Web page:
Much is heard about the concept of Circular Fashion. But where does this idea come from and what does it mean? Why is the future of the fashion industry?

Before we delve into the meaning of Circular Fashion and why we need a transition to it, let’s start at the beginning and see what its counterpart is: 

It seems almost impossible to imagine that we live in a world without textiles or more specifically, without garments, since we are all in contact with them almost all the time. Clothes provide not only protection, but also an expression of individuality, playing an important role in how we perceive ourselves and how we are perceived by others. On the other hand, the textile industry is a key sector in the global economy, providing employment for hundreds of millions of people around the world. But the way the industry has developed so far represents a challenge for the present and the future in terms of sustainability.



Today, the garment supply chain functions in an almost completely linear way; huge amounts of non-renewable resources are extracted to produce garments that are generally worn for a short time and discarded immediately afterwards.


More than $500 billion is lost each year due to underutilization of clothing and lack of recycling and that total greenhouse gas emissions from textile production are 1.2 billion tonnes per year. More than all international flights and shipping together.



But once we realize this, what can we do? 

A Circular Fashion represents supply chains where materials and resources reach their highest utilization and value, making their life cycles longer. In this way, it takes into account the needs of the business, but also the environmental and social costs of producing goods and services. The best part is that it supports the use of renewable resources, uses energy more efficiently and preserves nature. The products and materials themselves are conceived and designed from the beginning to be improved or re-circulated again as many cycles as possible.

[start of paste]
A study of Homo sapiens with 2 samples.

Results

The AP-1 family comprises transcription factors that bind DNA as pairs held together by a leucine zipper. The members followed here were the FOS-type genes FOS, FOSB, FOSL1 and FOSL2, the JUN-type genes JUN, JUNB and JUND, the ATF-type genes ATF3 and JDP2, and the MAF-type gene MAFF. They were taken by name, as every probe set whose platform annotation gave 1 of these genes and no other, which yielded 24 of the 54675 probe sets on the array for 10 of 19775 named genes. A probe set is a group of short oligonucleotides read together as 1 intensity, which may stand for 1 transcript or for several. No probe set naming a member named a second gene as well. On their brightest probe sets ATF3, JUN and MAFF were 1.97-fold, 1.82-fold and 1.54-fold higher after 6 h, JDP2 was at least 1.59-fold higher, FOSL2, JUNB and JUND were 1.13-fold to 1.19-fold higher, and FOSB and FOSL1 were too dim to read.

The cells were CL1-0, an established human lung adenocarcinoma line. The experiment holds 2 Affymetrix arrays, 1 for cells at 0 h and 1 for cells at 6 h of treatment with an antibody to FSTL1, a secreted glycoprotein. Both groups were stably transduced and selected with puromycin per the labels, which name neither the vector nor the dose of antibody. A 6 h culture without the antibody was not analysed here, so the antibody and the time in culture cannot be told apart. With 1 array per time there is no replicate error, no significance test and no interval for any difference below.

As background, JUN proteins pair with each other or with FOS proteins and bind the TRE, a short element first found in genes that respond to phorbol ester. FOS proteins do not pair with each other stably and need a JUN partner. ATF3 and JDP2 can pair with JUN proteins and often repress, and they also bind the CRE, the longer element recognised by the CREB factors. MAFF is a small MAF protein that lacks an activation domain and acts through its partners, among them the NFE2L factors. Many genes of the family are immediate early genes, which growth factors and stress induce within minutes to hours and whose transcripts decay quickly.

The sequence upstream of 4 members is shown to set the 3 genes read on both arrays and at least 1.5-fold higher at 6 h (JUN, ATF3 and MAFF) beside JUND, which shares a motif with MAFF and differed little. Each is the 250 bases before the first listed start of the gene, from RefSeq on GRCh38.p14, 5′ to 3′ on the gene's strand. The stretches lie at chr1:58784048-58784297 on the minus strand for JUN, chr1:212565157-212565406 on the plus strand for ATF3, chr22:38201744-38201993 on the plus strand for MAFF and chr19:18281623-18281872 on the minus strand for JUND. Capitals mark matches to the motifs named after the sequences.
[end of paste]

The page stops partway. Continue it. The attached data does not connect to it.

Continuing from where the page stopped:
Sounds too good to be true right?. Well, believe it or not, it is already happening.

Many designers as Collina Strada (who hand makes each of her design pieces with eco-conscious materials) and numerous big companies as Nike (that launched the Nike Circular Innovation Challenge calling on manufacturers, designers and engineers to help them create solutions that bring us one step closer to a sustainable future), have long been implementing proposals that support sustainability and taking initiative to implement and establish in our lifestyle this fashion movement, because based on facts, there should be no other choice and only those that make it their “core business” will be leaders.



New business models adopting circularity are the only way the fashion industry can continue to meet the demands of its consumers on the one hand and develop as a profitable business on the other. Here's a list curated by Dr. Brismar (head of Green Strategy) of principles to follow for both business and customers to implement the Circular Fashion Model;


  • Design with a purpose
  • Design for longevity
  • Design for resource efficiency
  • Design for biodegradability
  • Design for recyclability
  • Source and produce more locally
  • Source and produce without toxicity
  • Source and produce with efficiency
  • Source and produce with renewables
  • Source and produce with good ethics
  • Provide services to support long life
  • Reuse, recycle or compost all remains
  • Collaborate well and widely
  • Use, wash and repair with care
  • Consider rent, loan, swap, secondhand or redesign instead of buying new
  • Buy quality as opposed to quantity


All of these values and principles stimulate innovation and create long-term sustainable growth that supports the development of a healthy and vibrant fashion industry. The transition to a Circular Fashion Model is one, if not THE main fashion challenge of our time.

We will cross our fingers for the fashion industry to finally open up (fully engaged) to fundamental change, moving from being simply conscious to feeling true compassion for the way people, animals and ecosystems are affected along the supply chain. Hopefully, fashion will begin to be driven 'from the heart' rather than simply 'from the mind'.